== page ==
ATLANTA—The U.S. lodging industry will achieve 65% occupancy in 2015, the highest national occupancy rate since STR, Inc. began reporting data in 1987, according to the recently released September 2014 edition of PKF Hospitality Research’s (PKF-HR) “Hotel Horizons.”
By year-end 2015, PKF-HR projects demand for lodging accommodations will have increased 25.8% since the depths of the recession in 2009, while the supply of hotel rooms will have grown by 5.6%.
“An ever-improving economy, and the favorable relationship between supply and demand, have led to significant growth in both revenues and profits from 2009 to the current year. We expect this trend to continue through 2017,” stated R. Mark Woodworth, president of PKF-HR. “The 1990s were the only other time we observed such a sustained confluence of positive economic and market conditions.”
With U.S. hotels achieving all-time high occupancy levels, PKF-HR believes hoteliers will be able to increase their average daily rates (ADR) at an average annual pace of 5.7% from 2015 through 2017. Concurrently, Moody’s Analytics, PKF-HR’s source for economic projections, is forecasting the annual pace of inflation to average 2.5%.
“The best news for U.S. hotel owners and investors is that the combination of high occupancy levels and significant real ADR growth will perpetuate strong bottom-line gains. PKF-HR is projecting the current three-year streak of double-digit gains in net operating income (NOI) to continue through 2016,” Woodworth noted. “We have not seen six years of such strong and sustained profit growth in the 78 years PKF has been tracking the U.S. lodging industry.”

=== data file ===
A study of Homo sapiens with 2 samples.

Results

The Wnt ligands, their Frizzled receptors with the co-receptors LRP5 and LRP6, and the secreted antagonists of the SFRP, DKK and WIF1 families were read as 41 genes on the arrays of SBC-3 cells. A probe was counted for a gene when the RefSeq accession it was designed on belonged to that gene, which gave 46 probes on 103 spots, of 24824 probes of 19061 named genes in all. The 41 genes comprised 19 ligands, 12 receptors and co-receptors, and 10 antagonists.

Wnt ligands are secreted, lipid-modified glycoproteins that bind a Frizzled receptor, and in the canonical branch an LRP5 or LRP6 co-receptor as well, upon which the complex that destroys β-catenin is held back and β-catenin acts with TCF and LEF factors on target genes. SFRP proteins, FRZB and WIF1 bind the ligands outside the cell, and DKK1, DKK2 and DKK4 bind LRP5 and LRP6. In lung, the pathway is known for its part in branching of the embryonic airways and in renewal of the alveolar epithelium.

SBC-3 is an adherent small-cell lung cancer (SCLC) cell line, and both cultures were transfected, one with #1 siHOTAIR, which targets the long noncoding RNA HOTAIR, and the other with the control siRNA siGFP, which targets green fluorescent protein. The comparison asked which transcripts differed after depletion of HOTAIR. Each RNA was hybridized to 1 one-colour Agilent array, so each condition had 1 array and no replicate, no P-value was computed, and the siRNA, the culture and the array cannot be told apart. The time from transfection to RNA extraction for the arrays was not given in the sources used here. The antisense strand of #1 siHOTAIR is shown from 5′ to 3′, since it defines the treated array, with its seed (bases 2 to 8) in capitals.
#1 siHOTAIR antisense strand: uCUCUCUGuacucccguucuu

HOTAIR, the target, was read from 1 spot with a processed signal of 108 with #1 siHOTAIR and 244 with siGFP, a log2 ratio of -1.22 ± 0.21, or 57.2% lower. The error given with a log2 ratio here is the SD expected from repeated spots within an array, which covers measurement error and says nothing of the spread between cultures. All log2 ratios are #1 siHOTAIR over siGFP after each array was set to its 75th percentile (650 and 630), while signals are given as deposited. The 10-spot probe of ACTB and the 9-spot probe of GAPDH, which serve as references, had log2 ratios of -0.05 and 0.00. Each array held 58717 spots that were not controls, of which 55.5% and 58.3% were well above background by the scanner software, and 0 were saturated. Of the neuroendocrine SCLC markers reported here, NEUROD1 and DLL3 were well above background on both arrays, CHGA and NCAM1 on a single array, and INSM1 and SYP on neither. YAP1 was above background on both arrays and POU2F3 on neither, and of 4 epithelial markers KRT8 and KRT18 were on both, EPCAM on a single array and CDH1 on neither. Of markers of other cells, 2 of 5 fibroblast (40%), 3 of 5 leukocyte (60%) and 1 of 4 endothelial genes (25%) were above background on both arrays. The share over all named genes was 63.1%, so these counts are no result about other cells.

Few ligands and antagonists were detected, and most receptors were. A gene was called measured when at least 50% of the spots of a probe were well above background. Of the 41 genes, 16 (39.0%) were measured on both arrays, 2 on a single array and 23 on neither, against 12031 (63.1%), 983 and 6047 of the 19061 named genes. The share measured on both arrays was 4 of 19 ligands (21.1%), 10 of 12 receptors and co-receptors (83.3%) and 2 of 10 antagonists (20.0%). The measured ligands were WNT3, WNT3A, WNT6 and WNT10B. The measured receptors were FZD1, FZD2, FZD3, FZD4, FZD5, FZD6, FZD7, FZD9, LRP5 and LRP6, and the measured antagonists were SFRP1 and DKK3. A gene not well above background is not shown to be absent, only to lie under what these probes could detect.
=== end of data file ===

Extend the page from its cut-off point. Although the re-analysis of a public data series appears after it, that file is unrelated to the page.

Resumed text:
PKF-HR’s forecasts of positive performance apply to almost all aspects of the U.S. lodging industry. By year-end 2014, all six national chain-scales, and the vast majority of major markets, will have surpassed their pre-recession levels of RevPAR. Several markets, including Seattle, Los Angeles, Houston, Pittsburgh, and Miami, will surpass their all-time record occupancy levels this year or next, according to PKF-HR.
“Up to now, the economic recovery has mostly impacted high-income, highly educated and high-skilled people. This has led to an imbalanced pattern of lodging recovery that has favored upper-priced properties and large coastal markets,” stated John B. (Jack) Corgel, the Robert C. Baker professor of real estate at the Cornell University School of Hotel Administration and senior advisor to PKF-HR. “Now, with employment levels on the rise across all employment sectors, we are seeing a commensurate uptick in performance across the entire U.S. lodging spectrum.”
“Given the spreading economic improvements, it is not surprising that we are now seeing secondary markets like Memphis, Richmond, and Raleigh-Durham lead the nation in projected occupancy gains in 2014,” Woodworth added.
PKF-HR forecasts, that on average, the lower-priced chain-scale segments will achieve greater RevPAR growth (8.4%) in 2014 compared to the upper-priced (7.1%) categories. Being further along the business cycle, the upper-priced RevPAR gains are heavily influenced by ADR, while the lower-priced RevPAR growth is the result of a balance between occupancy and ADR increases.